Learn about Peer-Led Team Learning in this educational glossary entry.
Peer-Led Team Learning (PLTL) is an innovative instructional strategy that has gained popularity in educational settings across various disciplines. This collaborative learning approach involves students working together in small groups to solve problems, discuss concepts, and reinforce their understanding of course material. The primary goal of PLTL is to enhance student engagement, critical thinking skills, and overall academic performance through peer interaction and support.
The concept of Peer-Led Team Learning was first introduced in the early 1990s by Professor Larry Michaelsen at the University of Oklahoma. Inspired by the idea of active learning and cooperative education, Michaelsen developed the PLTL model as a way to promote student-centered learning and foster a sense of community within the classroom.
PLTL sessions typically consist of small groups of students, led by a peer leader who has previously excelled in the course. The peer leader's role is to facilitate discussions, guide group activities, and provide academic support to their peers. During PLTL sessions, students engage in collaborative problem-solving activities, group discussions, and hands-on exercises that reinforce key concepts covered in the course.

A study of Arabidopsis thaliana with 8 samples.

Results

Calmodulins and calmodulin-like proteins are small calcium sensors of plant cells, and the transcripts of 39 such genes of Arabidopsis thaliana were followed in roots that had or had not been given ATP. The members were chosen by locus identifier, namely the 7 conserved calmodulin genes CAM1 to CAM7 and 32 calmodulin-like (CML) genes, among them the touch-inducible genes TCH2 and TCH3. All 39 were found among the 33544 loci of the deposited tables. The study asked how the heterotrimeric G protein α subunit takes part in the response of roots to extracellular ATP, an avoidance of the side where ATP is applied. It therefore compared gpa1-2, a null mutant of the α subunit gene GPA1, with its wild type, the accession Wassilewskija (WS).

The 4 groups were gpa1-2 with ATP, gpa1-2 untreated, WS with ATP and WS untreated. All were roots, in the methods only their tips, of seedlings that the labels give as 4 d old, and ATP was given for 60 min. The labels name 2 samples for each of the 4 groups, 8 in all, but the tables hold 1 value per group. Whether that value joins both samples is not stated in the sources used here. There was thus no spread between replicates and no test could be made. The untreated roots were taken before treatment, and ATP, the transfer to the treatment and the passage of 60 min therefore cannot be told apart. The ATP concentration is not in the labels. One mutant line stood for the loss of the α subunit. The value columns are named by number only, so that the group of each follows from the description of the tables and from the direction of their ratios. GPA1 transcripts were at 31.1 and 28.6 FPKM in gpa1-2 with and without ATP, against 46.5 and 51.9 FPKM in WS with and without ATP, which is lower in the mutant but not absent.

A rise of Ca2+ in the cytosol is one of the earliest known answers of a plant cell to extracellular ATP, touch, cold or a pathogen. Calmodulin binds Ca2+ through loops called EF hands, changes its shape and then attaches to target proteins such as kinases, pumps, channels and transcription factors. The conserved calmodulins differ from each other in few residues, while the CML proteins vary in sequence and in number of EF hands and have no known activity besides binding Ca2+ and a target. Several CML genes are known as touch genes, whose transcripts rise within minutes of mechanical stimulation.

Research has shown that Peer-Led Team Learning offers a wide range of benefits for both students and instructors. Some of the key advantages of this instructional approach include:
When implementing Peer-Led Team Learning in the classroom, instructors should consider the following best practices:
Peer-Led Team Learning is a powerful instructional strategy that has been shown to enhance student engagement, critical thinking skills, and academic performance. By promoting collaboration, peer support, and active learning, PLTL helps students develop a deeper understanding of course material and build valuable skills that will benefit them both inside and outside the classroom. As educators continue to explore new approaches to teaching and learning, Peer-Led Team Learning remains a valuable tool for creating dynamic and engaging educational experiences.